By Asher Thompson

In a world where socialising has changed, are gaming giants the real winners?

The idea of a ‘winner’ from 2020 is a complex, and, honestly, insensitive thing. Everything as we know it has changed, and certain industries have capitalised on that. Tech corporations around the world have strategically altered their business practice to maximise profit, leading to incredible results.

Throughout the COVID pandemic, a number of things have changed. Our way of life, and the way we socialise was incredibly affected. Zoom, Houseparty, and Microsoft Teams simulated authentic interaction, and made work easier. Meanwhile, without bars, gyms, and schools, many younger people turned to video games to keep in touch with their friends. Furlough, and online school would give us more free time. With no choice but to stay inside, why not dust off the headset and get online? 

The first lockdown in England coincided with the worldwide release of Animal Crossing: New Horizons. In nine months, it became the second best-selling Nintendo Switch game, a testament to its online play, and social aspects. The Switch dominated console sales, holding a 52% market share in the UK throughout 2020.

Later in the year, Sony and Microsoft would release the PlayStation 5, and the Xbox Series X, respectively. These would sell out almost instantly and remain a hot commodity for months to come. Through online ordering, queues for consoles would become a thing of the past. 

Being unable to go out led to a weird state of disposable income. Clubs, pubs, and restaurants weren’t open, we couldn’t spend that way. Petrol and travel costs were non-existent for a lot of people on furlough. More people could afford a console, and more people actually had time to play them.

Even Pokemon Go, the mobile game dedicated solely to exploring your local surroundings, was modified to be played at home. Developers, Niantic changed the AR app on a global scale in a matter of weeks so that it could continue to be played while in lockdown. The intense restrictions saw little impact on their 147 million active global users.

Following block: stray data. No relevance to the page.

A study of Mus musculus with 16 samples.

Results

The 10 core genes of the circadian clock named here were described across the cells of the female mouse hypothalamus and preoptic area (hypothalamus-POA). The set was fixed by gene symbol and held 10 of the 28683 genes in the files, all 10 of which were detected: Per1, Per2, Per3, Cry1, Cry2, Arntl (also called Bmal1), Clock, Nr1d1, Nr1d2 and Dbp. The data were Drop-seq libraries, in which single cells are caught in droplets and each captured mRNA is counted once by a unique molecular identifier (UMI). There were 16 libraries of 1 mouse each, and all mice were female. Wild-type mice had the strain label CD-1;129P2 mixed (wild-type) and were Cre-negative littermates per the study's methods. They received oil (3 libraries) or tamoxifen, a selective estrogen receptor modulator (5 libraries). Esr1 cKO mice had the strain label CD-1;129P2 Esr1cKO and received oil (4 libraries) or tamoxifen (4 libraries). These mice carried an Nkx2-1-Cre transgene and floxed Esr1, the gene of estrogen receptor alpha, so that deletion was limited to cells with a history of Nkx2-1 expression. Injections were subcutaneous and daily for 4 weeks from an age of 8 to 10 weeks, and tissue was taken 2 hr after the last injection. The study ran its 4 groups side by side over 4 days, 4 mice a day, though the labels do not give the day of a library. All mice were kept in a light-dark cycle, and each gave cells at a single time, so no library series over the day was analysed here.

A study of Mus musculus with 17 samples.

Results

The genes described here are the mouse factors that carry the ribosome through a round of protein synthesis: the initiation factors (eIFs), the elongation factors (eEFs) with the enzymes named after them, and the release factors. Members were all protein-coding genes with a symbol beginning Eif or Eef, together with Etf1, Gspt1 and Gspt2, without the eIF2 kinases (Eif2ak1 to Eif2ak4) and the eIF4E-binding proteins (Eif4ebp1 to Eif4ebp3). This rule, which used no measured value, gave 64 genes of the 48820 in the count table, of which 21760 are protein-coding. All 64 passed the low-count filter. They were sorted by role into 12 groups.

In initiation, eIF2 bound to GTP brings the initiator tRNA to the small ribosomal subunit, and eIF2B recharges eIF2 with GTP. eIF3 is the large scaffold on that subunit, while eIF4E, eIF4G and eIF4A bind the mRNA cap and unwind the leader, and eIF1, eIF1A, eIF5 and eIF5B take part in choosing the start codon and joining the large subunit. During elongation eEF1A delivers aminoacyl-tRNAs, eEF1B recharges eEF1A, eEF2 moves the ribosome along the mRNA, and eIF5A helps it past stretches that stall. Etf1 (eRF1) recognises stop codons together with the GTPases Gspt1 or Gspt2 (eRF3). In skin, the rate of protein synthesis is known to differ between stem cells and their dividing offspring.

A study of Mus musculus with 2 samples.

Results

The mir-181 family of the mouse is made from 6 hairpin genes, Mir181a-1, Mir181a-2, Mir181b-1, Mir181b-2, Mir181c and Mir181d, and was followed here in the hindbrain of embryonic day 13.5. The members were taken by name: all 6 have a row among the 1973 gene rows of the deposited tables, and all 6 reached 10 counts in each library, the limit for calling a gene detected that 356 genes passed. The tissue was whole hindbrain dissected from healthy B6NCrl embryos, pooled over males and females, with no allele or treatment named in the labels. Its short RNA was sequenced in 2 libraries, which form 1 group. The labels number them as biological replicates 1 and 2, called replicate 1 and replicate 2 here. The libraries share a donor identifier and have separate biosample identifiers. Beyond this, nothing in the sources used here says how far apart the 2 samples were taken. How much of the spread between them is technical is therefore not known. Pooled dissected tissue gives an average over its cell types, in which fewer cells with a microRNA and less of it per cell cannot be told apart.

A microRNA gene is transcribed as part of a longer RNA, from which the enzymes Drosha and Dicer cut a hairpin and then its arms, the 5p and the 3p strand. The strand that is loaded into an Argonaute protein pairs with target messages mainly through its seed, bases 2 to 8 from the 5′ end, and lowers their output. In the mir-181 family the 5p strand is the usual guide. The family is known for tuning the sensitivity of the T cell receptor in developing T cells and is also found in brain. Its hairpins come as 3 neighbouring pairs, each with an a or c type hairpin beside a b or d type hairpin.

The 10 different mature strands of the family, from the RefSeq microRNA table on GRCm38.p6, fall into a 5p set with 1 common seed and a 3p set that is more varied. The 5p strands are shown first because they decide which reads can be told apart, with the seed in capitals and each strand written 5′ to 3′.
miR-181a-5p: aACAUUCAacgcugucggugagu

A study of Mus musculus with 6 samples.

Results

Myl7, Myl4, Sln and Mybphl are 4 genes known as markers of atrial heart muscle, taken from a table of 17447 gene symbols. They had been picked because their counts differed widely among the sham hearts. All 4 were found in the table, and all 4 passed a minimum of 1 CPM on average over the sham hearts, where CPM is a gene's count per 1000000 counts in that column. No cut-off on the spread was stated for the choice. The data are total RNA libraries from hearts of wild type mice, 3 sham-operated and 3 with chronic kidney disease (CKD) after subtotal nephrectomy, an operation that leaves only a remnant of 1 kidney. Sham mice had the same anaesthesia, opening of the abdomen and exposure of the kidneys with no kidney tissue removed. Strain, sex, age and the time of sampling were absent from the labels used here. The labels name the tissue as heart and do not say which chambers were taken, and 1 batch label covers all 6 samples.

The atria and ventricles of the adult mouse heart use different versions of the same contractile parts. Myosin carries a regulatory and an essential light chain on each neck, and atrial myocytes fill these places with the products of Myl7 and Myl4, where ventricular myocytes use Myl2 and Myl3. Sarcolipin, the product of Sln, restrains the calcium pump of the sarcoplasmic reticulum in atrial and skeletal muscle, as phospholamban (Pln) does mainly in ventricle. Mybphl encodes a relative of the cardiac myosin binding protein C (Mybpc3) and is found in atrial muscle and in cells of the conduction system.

Communicating via games was an accessible way of socialising for a younger audience. On average, 50% of UK households have a games console, not counting for PCs. Fortnite, for example, is a free to play game (with lucrative micro-transactions) where the majority of its players are under 24, with excellent voice chat features. Available on PlayStation, Xbox, Switch, and PC, with cross-platform play, joining a party with your friends has never been easier. 

Similarly, Animal Crossing provided an escape for a wide spectrum of people. As lockdown tightened, we were not allowed outside; Animal Crossing created a sense of bringing the outdoors in through its island simulator gameplay. Visiting your friends island replaced going for a cup of tea. It gave the individual touch of someone’s home, considering everyone’s hyper-personalised islands. 

It is clear that through 2020, games and communications companies profited massively in terms of sales. 2020 did, however, bring its fair share of challenges. With no mass gatherings in most countries, conventions such as PAX were unable to take place, removing vital exposure for smaller developers. The start of the year saw widespread layoffs in large and small companies alike, and downsizing in certain departments. 

Companies were gambling with their future by staying open. Without significant capital behind them, they had to save money however they could. The cost of their gain was the employee’s loss. Blizzard, responsible for World of Warcraft, gave their employees a pitiful $200 gift card to spend in their online shop. 

Communications giants, similarly profited from the pandemic by keeping us all in touch. Zoom calls replaced Sunday lunches and pub quizzes by offering free, and stable video conferencing. Founded in 2011, the California-based communications company exploded into the global domain during 2020.  The company went from approximately $66 per share, in January 2020, to peaking at $568 in October. At one point, it was worth more than global oil giants ExxonMobil, and now stands at $117 billion. 

Microsoft Teams, similarly, has seen their usage surpass even Zoom, over the summer of 2020. Educators have adopted the system, as it integrates well with other programmes. Universities have used it for the majority of their classes, as many universities run off of Microsoft already.  

The two primary industries that have really ‘won’ from 2020 truly have been communication and gaming. Their market shares have reached peaks, previously unknown to them. That said, in a year of constant flux, is it possible that there even is a ‘winner’? When we, the consumer, are forced to consume, is it only natural that they would win? So yes, the tech industry has earned it’s keep, but at what cost?